Tuesday, May 1, 2012
Fight against graft 'dismal'
Fight against graft 'dismal'
GRAEME HOSKEN | 02 May, 2012
A scathing report on government corruption has highlighted "grave concerns" about the lack of commitment to fighting the scourge.
The Public Service Commission report - presented at a recent Independent Police Investigative Directorate conference in Bloemfontein - revealed dismal performance in investigating corruption in state departments.
The report, by commissioner Selinah Nkosi, focused on allegations of corruption made to the National Corruption Hotline since its establishment in 2004, feedback from the police and the independent police watchdog, and the results of national and provincial government investigations of corruption.
Nkosi expressed "grave concern" about corruption and the inability of government departments to investigate it rigorously.
Nkosi criticised both the police and the police watchdog for their failure to report on their investigations.
The National Corruption Hotline had received feedback on only 45% of independent directorate investigations, and on only 53% of investigations by the police . The directorate and the police had closed only 28% and 41% of corruption cases, respectively, Nkosi said.
"The lack of feedback is forcing the commission to consider issuing summonses against [state] departments.
"The commission believes that all government departments must streamline procurement processes to eradicate corruption, with department heads held accountable if disciplinary action is not instituted within 60 days."
Tendersure CEO Werner Coetzee said the cost of corruption to South Africa was estimated to be as much as R675-billion.
"We extrapolated this figure from organisations such as the World Bank and World Trade Organisation, which estimate the total cost of a country's corruption being 20% of the total spent on tenders - which for South Africa is extremely frightening," he said.
Paul Hoffman, director of the Institute for Accountability, said: "Willie Hofmeyr, of the Asset Forfeiture Unit, estimates that R30-billion goes down the corruption tube through government tenders, and arms-deal expert Andrew Feinstein estimates the value of bribes paid in that deal at R2.1-billion."
Independent Police Investigative Directorate spokesman Moses Dlamini said the lack of feedback was due to "some matters still being investigated [or] feedback being given direct to the complainants".
THE FACTS AND FIGURES
137512 calls received;
14300 possible corruption cases identified;
9582 of the 14300 cases sent to government departments for investigation;
Feedback received on only 4859 cases;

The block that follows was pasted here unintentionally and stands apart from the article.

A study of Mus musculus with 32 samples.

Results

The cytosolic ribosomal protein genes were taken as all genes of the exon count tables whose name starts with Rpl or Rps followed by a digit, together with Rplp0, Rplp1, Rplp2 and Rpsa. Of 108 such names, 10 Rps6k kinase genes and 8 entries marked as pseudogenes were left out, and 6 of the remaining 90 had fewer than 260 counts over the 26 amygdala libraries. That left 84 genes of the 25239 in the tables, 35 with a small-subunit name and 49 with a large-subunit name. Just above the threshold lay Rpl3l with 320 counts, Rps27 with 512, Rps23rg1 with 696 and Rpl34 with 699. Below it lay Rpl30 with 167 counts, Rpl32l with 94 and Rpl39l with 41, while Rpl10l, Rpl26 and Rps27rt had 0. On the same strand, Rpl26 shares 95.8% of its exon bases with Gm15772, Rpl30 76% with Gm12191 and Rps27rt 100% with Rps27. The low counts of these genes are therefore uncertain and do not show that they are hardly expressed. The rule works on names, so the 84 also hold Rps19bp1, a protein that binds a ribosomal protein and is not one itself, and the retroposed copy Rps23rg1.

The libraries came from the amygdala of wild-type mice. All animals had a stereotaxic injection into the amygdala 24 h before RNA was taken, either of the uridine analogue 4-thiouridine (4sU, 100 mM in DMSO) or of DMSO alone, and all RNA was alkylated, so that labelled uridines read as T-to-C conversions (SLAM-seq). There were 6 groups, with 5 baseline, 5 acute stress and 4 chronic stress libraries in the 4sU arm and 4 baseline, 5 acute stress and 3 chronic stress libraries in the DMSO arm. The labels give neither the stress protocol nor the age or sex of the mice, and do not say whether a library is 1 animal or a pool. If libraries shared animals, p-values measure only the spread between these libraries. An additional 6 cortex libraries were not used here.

Of 4859 cases, 3381 finalised; and
Of those successfully investigated, 603 officials fired, 226 suspended, 134 fined, 16 demoted, 330 given a final written warning, 190 prosecuted - and R120-million recovered.
TOP FORMS OF CORRUPTION
Abuse of government resources/vehicles;
Mismanagement of government funds; and
Identity document fraud.
Celebrity lawyer’s ‘hit’ plan
De Wet Potgieter
Pretoria’s controversial celebrity lawyer, Peet Viljoen, due for trial next week in the R100m land scam involving prime property owned by the city of Johannesburg, allegedly approached a former associate of the fugitive Czech billionaire, Radovan Krejcir, for assistance in finding somebody to kill two prominent businessmen on his behalf.
“Peet asked me who could ‘take care’ of Zunaid Moti and Willie Botha,” Jerome Safi told The New Age this week. Soon after the meeting with Viljoen that took place in Bedfordview a month ago, Safi made a statement containing these allegations to the investigating officer, Capt Jan Judeel.
This was confirmed by police spokesperson Lt-Col Lungelo Dlamini, who said the statement had been handed to the prosecutor in the case for a decision.
Safi, a former confidante of Krejcir, was taken in for questioning by the police soon after the German supercar mogul Uwe Gemballa was abducted from OR Tambo airport in January 2010 on arrival.
The two men Viljoen allegedly wanted to be “taken care of”, according to Safi, are Willie Botha, former MD of Sharemax, and 37-year-old car-loving businessman Zunaid Moti, who was implicated in the alleged fraudulent land deal that he (Viljoen) is due to face in court with several other accused.
Details of the alleged assassination plots surfaced on Wednesday when word got around in the Gauteng underworld that Viljoen was allegedly spreading rumours in an effort to create tension between Krejcir and Safi.
“He (Viljoen) is jeopardising people’s lives,” Safi’s uncle, Dave Safi, told The New Age. Dave Safi said discussions between him and Krejcir defused the bad blood created by Viljoen’s rumour mongering in time and cleared the air.
Approached for comment, Krejcir confirmed that he had five meetings with Viljoen recently regarding business proposals. His last meeting with Viljoen was on Wednesday morning.
However, Krejcir says there is more to the story: “Peet told me earlier that Jerome said to him he has to kill me,” Krejcir said. Viljoen said when he asked Safi why he wanted Krejcir dead, he replied: “If I don’t kill Radovan, he will kill me.”
According to Jerome Safi, he met Viljoen some time ago when he was approached with possible business deals. “Peet brought me numerous illegal deals involving municipal properties,” says Krejcir.
It was during one of those meetings that Viljoen allegedly wanted to know from him how he could upset Krejcir enough to have Moti killed. “He was hoping that Moti’s death would mean his problems with his court case would go away.”
Krejcir confirmed that Viljoen approached him for the first time a month ago, with claims that Moti told him they were partners importing cars into the country and abusing his name to create business for him.
“He wanted to make me angry with Zunaid,” Krejcir said.
He then insisted Viljoen take a polygraph test to find out if he was lying. “I am waiting for the final results,” Krejcir said.